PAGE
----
Obama's Science Czar: US Constitution Supports Compulsory Abortions

Posted: Sep 23, 2009 3:55 PM
As some of you may have heard, Obama's new "science czar" John Holdren has some pretty *unique* (read: crazy) opinions.  But unlike dismissed self-avowed communist green jobs czar Van Jones, Holdren's opinions aren't just political, but border on the line of morality vs. immorality and the sanctity of life. 

In a college-level textbook Holdren co-authored with Malthusian population alarmist Paul R. Ehrlich, Holdren states that in conditions of "emergency," compulsory abortion policies would be sustainable under the U.S. Constitution--you know, the one that guarantees the right to life, liberty and the pursuit of happiness?

After obtaining a copy of Holdren's "Ecoscience: Population, Resources, Environment published in 1977, World Net Daily reports that Obama's science czar joined Ehrlich in arguing that involuntary birth-control measures--including forced sterilization--may be "necessary and morally acceptable under extreme conditions, such as widespread famine brought about by 'climate change.'"
To prevent ecological disasters, including "global warming," Holdren argued the U.S. Constitution would permit involuntary abortions, government-imposed sterilizations and laws limiting the number of children as steps justified under the banner of "sustainable well-being."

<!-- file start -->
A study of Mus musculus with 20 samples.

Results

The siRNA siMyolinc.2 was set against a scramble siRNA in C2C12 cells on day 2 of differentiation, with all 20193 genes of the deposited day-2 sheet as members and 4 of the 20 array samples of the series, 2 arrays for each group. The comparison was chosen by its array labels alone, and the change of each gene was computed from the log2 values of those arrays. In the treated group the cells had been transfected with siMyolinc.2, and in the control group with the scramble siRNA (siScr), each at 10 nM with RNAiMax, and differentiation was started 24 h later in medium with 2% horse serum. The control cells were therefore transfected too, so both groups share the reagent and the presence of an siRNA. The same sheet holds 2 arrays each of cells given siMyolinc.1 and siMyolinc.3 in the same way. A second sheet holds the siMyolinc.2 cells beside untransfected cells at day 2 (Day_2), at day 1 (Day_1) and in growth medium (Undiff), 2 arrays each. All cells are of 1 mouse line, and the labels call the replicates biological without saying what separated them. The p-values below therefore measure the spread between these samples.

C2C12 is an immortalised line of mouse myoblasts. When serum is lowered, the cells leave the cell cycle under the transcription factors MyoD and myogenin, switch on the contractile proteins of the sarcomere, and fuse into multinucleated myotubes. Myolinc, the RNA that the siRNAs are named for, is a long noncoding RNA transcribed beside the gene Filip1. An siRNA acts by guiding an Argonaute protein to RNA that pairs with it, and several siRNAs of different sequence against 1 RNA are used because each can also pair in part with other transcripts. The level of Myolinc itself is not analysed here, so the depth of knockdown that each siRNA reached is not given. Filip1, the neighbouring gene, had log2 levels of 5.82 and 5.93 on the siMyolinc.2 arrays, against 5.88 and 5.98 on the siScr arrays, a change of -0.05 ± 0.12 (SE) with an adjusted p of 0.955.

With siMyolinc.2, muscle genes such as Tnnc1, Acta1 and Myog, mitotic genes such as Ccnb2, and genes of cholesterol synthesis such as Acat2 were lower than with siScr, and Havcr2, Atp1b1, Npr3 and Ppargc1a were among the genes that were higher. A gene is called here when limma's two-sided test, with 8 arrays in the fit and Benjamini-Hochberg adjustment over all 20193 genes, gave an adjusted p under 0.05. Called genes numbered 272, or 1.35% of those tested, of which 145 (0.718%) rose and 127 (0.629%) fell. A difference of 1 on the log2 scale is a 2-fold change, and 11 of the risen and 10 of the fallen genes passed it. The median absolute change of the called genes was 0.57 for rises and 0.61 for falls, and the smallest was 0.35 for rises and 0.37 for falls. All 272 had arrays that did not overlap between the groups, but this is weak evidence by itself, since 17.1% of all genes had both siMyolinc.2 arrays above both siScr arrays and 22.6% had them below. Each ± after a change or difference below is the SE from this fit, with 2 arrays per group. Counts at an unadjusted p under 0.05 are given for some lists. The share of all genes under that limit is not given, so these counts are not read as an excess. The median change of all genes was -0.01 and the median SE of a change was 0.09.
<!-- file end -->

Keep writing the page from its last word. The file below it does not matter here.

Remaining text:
The authors of "Ecoscience" argued that a "legal restriction on the right to have more than a given number of children" could be crafted under the U.S. Constitution in crisis situations under the standard that "law has as its proper function the protection of each person and each group of persons."

On page 838, the authors argued, "The law could properly say to a mother that, in order to protect the children she already has, she could have no more."

To justify the point, the authors commented "differential rates of reproduction between ethnic, racial, religious, or economic groups might result in increased competition for resources and political power and thereby undermine social order."

And like dismissed green jobs czar Van Jones, Holdren has recently tried to disavow his 1970s beliefs.  But World Net Daily writes that his old radical views have popped up as recently as 2008.